The Columns

Career Paths: Paul Judge ’16L

— by on April 30th, 2016

Paul Judge ’16L went to the College of William and Mary in Williamsburg, Virginia and commissioned as a 2nd Lieutenant out of ROTC. He is now a 1st Lieutenant in the United States Army. He will enter the Army JAG Corps following his clerkship.

Paul Judge '16LPaul Judge ’16L

Who will you be clerking for, and what will your responsibilities be?

I’m clerking for Judge Margaret Ryan at the Court of Appeals for the Armed Forces. I will work with two other clerks assisting her by writing draft opinions for all of the cases that come before CAAF, a five-judge federal appellate court that deals with a mostly criminal docket. CAAF is the highest military appellate court in the country and its decisions can only be appealed to the U.S. Supreme Court.

Why are you interested in clerking after graduation?    

First, clerking is a mark of prestige on a resume. Pick any lawyer in a position of prestige or power in the federal government and most of the time you’ll find that they have one or two federal clerkships in their background. Second, I’m clerking for a judge in Christiansburg right now, and I have loved it. Getting a behind-the-scenes look about how a judge thinks and operates is invaluable experience, and a clerkship is really the only way to get it.

How did you secure this clerkship?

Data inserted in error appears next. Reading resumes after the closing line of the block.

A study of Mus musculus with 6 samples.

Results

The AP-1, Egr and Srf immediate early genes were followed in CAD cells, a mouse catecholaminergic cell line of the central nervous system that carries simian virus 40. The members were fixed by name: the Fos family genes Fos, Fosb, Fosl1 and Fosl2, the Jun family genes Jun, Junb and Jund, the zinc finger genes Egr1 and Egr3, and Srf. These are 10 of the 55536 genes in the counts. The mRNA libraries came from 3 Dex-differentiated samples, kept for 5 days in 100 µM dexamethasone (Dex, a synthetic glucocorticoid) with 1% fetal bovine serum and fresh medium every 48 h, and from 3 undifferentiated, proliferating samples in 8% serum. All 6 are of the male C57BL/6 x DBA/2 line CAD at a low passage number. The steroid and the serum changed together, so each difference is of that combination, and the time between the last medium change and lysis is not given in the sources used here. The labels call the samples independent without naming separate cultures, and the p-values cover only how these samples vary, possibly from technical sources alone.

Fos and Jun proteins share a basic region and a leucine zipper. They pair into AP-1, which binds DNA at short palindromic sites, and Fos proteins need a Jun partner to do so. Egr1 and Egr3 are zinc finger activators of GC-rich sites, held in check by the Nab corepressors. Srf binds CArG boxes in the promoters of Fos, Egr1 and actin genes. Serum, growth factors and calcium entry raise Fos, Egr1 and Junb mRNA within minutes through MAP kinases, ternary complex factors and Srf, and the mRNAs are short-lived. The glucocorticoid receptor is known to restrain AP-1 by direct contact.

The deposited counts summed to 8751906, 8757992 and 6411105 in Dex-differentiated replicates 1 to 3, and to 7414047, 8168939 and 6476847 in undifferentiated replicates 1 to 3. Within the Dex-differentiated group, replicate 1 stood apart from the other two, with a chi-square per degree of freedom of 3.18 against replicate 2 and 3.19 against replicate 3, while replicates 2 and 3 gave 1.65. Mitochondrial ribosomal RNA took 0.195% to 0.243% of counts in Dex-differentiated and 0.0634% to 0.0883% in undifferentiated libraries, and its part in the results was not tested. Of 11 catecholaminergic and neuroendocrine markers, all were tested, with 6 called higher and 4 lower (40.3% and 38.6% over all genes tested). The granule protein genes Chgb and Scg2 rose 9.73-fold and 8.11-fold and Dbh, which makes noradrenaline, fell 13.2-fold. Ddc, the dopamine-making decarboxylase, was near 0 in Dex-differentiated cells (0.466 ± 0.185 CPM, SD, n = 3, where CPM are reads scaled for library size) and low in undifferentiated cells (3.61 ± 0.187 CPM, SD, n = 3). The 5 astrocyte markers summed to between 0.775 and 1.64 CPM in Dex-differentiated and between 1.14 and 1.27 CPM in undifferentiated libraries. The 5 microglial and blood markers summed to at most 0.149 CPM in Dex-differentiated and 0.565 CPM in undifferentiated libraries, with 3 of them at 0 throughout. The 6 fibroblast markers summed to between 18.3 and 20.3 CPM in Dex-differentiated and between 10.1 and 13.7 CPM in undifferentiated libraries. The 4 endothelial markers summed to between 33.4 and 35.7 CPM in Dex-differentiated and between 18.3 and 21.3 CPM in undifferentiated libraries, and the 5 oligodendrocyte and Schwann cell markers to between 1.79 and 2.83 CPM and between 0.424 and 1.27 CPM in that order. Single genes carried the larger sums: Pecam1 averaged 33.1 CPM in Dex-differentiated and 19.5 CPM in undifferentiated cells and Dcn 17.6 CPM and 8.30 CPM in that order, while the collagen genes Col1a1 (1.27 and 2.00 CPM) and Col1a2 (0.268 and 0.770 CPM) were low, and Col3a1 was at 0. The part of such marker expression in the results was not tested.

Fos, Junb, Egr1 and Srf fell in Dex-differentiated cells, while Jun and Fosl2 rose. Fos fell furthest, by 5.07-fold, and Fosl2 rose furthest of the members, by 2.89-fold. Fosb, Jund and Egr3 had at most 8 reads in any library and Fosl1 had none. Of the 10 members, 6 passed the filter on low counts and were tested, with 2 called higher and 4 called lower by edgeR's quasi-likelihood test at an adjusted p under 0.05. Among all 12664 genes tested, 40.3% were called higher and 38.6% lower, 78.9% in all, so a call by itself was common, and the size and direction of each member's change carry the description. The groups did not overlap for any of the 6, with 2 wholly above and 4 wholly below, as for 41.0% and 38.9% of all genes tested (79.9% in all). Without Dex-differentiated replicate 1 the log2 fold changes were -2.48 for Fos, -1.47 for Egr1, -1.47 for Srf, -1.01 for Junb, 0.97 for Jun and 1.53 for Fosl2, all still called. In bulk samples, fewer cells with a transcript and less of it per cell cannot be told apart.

Andrea Hilton in Career Services told me that some judges on CAAF were accepting applications for clerks. I mailed in my application and interviewed in November. The interview was pretty relaxed, and I was offered the job on the spot.

Which W&L classes and/or experiences do you think were most helpful in preparing you for clerking?  

CAAF deals almost exclusively with criminal appeals, so all of my criminal procedure classes will be helpful. I would not want to clerk for any appellate court, however, without having taken Federal Jurisdiction and Procedure and Conflicts of Laws. Those classes gave me the tools to understand some of the more complicated procedural issues that appellate courts often wrestle with.

What are you most looking forward to about this clerkship position?    

I love discussing legal issues and hate working in a solitary environment. My favorite part about the law is chewing over tough legal issues with other smart, passionate lawyers. I look forward to doing that with Judge Ryan and my fellow clerks.

What are your plans after your clerkship?  

I have been accepted to serve in the US Army Judge Advocate General Corps.